Happily tugging my forelock: the Queen at 90

Earlier posts on Elizabeth R include Random Friday memory 28: seeing the Coronation from Sutherland (2015), The young princess and her 1933 wave (2015), Fairy Sparkle and the Old Queen (2014), Diamond Queen (2012), Oz Republic? (2008). In 1999 I voted in the referendum for the republic. In 2008 I wrote:

It will happen, no doubt about it, by 2050 if not by 2020. I honestly cannot imagine the current constitutional arrangements carrying on for all that much longer, but by 2050 I will of course be long dead. I guess though that at that time Australian Monarchists will seem rather like the Jacobites in McCall Smith’s 44 Scotland Street series, and like those Jacobites they will probably still be having meetings. (The irony for the Jacobites is that they resent the displacement of the true monarchs of Scotland by the German Princeling George I, and instead look to another German Princeling, that of Bavaria, as the True Monarch. It’s true that the nearest descendant of James II is a Prince of Bavaria, but that line long since relinquished any claim themselves.)

Meanwhile, reading as I am the wonderful and sometimes cantankerous Norman Davies, this time Europe East & West, I should like to point out, as he does, that the last Queen of England was Anne. Since 1707 there have been no English monarchs as such; Elizabeth II (or perhaps to be quite accurate Elizabeth I) is Queen of the United Kingdom of Great Britain and Northern Ireland, but not, technically, of England. All of which no longer has any direct relevance to Australia, but she ALSO happens to be Queen of Australia, and in that role is her connection with us. (See for the current position The Australia Act 1986.) Then there is of course the somewhat vaguer, but still I believe useful, Commonwealth, of which she is the head duly recognised by quite a few republics….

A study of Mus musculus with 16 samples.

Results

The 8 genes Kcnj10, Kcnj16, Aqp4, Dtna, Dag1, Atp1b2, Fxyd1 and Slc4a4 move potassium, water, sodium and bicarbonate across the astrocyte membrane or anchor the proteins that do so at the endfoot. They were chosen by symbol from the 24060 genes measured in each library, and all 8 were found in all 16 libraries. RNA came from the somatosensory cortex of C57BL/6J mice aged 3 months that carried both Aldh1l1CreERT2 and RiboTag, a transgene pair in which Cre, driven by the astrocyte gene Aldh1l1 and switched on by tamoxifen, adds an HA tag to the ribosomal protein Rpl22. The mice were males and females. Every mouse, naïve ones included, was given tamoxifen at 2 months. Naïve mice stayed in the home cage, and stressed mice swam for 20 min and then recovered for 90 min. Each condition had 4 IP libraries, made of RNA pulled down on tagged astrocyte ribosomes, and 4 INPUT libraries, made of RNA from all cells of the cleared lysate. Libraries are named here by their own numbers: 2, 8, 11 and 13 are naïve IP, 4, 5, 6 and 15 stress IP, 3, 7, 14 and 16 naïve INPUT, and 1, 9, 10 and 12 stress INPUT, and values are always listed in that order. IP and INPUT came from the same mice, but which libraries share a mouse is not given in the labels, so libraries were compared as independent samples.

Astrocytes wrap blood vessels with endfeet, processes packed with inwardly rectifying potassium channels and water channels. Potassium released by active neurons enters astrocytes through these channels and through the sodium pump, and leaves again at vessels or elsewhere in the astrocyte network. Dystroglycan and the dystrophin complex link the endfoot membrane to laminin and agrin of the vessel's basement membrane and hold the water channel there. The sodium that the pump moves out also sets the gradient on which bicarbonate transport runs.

By 2012 I was saying:

I am not normally disturbed one way or the other by the fact Australia is a constitutional monarchy whose Head of State may or may not be an old lady who lives in England. (It is either her or the Governor-General, depending on who you ask or where you look.) As far as I am concerned the whole odd thing has a certain charm, and it works. Every time I see the ongoing saga of a US Presidential Election I am rather glad we are at least spared that – and spared the spectacle of turning the judiciary into yet another gaggle of elected politicians.

So roll on the Diamond Jubilee, as far as I am concerned. And I like the Queen…

And today with the Queen just turned 90 I may have moved even further, to the point where I am not sure big men in red bandanas really excite me into voting for a republic any time soon.


A British Movietone Newsreel, complete with commentary, shows the Duke of York attending the Empire Exhibition at Wembley. This visit took place in October 1925 – not only is this four years before Movietone News began in Britain, but it is two years before sound film was invented. The Exhibition was covered by British Pathe News but the film is of course silent.

But I enjoyed revisiting the story nonetheless. See Review of Bertie And Elizabeth and a very thorough backgrounder on the Canadian blog Enchanted Serenity of Period Films:  King George VI and Queen Elizabeth – a peek into the past.



Later

Conversation at City Diggers with a retired wharf labourer —  proud to be a leftie. “What do you think of the monarchy?” he asked. Turns out he is all in favour of it these days! You never know, do you?